As the North Union Complete Street Transformation Project continues with construction along the south section of the street, a major component of the project has taken root along the north section with the planting of trees, shrubs, grasses and perennials. All of this greenery will be seen along the entire section of downtown North Union Street in the not-so-distant future. So what exactly has been planted and why?
The plantings along North Union Street are comprised of four different types of trees, eight types of shrubs, five grasses and 11 perennials. The rain gardens have a specific function and thus specific planting needs: the soil mix and vegetation enhance the infiltration, storage, and removal of pollutants from storm water, so plants found within the rain gardens were selected to be drought resistance as well as to have a high salt tolerance.
Trees planted along North Union Street include:
- Skyline Thornless Honey-Locust
- Espresso Kentucky Coffee Tree
- Swamp White Oak
- Greenspire Littleleaf Linden
The light, dappled shade cast by the lacy foliage of the Skyline Thornless Honey-Locust is only one of this tree’s virtues. It also is durable and adaptable, tolerating a wide range of soil conditions as well as drought, and road salt, and has a lovely yellow fall color. The huge doubly compound leaves of the Espresso Kentucky Coffee Tree give it a tropical feel, and the arching branches present an elm-like form. This is a seedless selection and has a tolerance of heat, drought, and cold.
Shrubs that have been planted include:
- Black Chokecherry
- Hummingbird Summersweet
- Kelsey’s Dwarf Red Twig Dogwood
- Compact Inkberry Holly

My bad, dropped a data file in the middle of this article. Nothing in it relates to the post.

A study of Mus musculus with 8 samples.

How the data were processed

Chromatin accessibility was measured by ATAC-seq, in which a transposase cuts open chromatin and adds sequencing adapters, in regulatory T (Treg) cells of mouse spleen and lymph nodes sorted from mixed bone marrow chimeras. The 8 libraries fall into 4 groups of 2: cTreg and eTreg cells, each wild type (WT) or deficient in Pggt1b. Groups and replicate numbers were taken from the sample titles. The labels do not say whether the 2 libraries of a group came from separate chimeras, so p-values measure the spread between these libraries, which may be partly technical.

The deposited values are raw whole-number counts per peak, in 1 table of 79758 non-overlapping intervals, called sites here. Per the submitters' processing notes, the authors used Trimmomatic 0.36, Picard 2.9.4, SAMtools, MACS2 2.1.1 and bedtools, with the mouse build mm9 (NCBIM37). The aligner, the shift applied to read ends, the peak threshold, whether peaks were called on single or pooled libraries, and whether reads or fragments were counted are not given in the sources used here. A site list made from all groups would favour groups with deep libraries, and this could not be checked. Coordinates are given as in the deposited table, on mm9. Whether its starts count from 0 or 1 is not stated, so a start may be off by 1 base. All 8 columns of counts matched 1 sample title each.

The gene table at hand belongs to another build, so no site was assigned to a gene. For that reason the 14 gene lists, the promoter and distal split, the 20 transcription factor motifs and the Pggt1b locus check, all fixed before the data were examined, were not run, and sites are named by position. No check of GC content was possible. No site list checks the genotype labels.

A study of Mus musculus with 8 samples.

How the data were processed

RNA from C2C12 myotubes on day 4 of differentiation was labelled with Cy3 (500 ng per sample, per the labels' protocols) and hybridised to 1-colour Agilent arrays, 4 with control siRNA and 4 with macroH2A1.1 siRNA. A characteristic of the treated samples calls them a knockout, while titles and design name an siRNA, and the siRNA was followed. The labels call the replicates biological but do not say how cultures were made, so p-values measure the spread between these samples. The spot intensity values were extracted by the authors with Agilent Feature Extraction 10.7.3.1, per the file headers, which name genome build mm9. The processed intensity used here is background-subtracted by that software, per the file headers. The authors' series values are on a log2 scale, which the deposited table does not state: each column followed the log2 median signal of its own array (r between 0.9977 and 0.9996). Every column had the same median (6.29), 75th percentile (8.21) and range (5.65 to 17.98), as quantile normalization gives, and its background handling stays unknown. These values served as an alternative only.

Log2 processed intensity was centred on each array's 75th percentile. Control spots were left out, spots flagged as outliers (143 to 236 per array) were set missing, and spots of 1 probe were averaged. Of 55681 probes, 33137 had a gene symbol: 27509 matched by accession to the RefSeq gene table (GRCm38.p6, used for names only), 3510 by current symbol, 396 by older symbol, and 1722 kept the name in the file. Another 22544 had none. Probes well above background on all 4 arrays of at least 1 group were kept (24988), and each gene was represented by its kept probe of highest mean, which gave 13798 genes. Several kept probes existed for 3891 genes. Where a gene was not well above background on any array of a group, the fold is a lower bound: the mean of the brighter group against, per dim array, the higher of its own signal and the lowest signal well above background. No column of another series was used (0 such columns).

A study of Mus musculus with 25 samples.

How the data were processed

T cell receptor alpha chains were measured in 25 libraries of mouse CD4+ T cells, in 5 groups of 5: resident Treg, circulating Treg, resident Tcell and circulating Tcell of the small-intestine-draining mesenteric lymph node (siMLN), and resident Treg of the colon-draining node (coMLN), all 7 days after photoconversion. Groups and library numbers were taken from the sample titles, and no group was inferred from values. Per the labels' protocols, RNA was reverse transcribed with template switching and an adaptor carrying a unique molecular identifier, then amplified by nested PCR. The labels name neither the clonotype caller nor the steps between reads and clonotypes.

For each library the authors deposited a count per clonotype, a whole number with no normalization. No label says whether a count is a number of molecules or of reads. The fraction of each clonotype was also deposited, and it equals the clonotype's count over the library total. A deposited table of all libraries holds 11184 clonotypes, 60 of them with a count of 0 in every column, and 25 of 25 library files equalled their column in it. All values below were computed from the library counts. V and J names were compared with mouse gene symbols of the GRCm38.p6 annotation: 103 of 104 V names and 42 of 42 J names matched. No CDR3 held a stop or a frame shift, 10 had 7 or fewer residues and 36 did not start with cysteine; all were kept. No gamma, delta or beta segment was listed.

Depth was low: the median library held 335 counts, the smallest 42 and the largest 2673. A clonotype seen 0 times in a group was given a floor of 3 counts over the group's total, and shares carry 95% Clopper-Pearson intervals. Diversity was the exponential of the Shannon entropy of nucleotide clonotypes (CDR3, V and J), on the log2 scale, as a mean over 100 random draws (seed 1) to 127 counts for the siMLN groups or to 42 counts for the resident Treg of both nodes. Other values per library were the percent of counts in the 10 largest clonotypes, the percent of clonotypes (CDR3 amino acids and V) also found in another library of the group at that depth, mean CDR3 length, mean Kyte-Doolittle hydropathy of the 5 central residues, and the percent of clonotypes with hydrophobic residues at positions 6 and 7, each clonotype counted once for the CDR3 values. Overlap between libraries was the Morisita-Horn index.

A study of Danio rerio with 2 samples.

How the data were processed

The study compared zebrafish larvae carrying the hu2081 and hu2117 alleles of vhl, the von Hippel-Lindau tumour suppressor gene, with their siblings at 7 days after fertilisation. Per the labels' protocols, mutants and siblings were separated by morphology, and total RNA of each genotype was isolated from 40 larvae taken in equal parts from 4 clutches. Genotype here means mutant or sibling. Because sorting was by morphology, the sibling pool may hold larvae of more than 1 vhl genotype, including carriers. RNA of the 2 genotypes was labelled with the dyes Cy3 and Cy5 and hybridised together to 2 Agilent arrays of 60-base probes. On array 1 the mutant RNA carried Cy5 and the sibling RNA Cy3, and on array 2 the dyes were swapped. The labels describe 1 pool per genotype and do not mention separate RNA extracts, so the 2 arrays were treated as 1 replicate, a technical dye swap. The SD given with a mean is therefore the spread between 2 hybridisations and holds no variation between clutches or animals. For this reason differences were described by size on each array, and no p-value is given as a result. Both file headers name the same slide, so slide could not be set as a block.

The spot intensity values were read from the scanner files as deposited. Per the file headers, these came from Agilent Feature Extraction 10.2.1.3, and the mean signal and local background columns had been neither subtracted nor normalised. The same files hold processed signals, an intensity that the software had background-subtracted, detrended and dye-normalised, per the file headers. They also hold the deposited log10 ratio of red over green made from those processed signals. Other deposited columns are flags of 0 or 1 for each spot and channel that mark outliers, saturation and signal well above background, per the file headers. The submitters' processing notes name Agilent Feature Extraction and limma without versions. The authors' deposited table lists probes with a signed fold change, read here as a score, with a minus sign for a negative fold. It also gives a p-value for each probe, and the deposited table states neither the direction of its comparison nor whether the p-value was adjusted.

- Red Sprite Winterberry
- Anthony Waterer Spirea
The Hummingbird Summersweet is a beautiful, versatile, compact shrub, with three-season interest. Glossy, dark green foliage is not bothered by pests or disease, and in late summer it is covered with 6-7” creamy white flowers with a deliciously, spicy scent. The flowers bloom for many weeks attracting butterflies, hummingbirds and native bees, and in autumn, the foliage turns a shade of yellow. The Red Sprite Winterberry offers bright red berries that brighten the winter landscape and provide food for birds. It is an extremely hardy shrub. The Anthony Waterer Spirea offers flat-topped heads of rosy-pink flowers, and attractive new growth in spring that is reddish purple.
Grass species include:
- Canadian Wild Rye
- Soft Rush
- Red Switchgrass
- Hamelin Fountain Grass
- Little Bluestern
The Canadian Wild Rye grass is extremely easy and fast to grow. It is planted for soil stabilization, provides good ground cover and erosion control as well as holding up to winter elements. The Red Switchgrass is known for its foliage color with fast growing green leaves that emerge with red tips in spring, darkening through summer, and turning burgundy in fall.
And finally, the perennials planted include:
- Butterfly Weed
- Green and Gold
- Moonbeam Coreopsis
- Happy Returns Daylily
- Rosey Returns Daylily
- Little Grapette Daylily
- Big Blue Liriope
- Spotted Horsemint
- Obedient Plant
- Goldstrum Black-Eyed Susan
- Golden Alexanders
The Butterfly Weed is a hardy North American native that grows about 3 feet tall and bears dense, flattened clusters of cheerful orange blooms, often covered with feeding butterflies. The Moonbeam Coreopsis produces yellow flowers that take the heat and bloom faithfully all summer. The plant is tolerant to most soils and looks great with most annuals and perennials. The Little Grapette Daylily has compact clumps of grass-like leaves that are highlighted by lavender purple flowers on tall stems. This smaller growing selection re-blooms throughout the summer months. Big Blue Liriope produces abundant blue flower spikes that rise above the attractive, tufted arching, grass-like foliage followed by clusters of black berries. This perennial tolerates drier conditions.
The plantings along North Union Street offer a variety of colors and seasonal blooming, all of which tolerate our four distinct seasons found within the Southern Tier. We encourage the community to take a walk and discover the beauty found along our new streetscape. Stay apprised of the project through our Walkable Olean Facebook page (Facebook.com/walkableolean) or through the website at www.walkableolean.com.
For additional information, please contact the Olean City Public Works Department at 716.376.5651.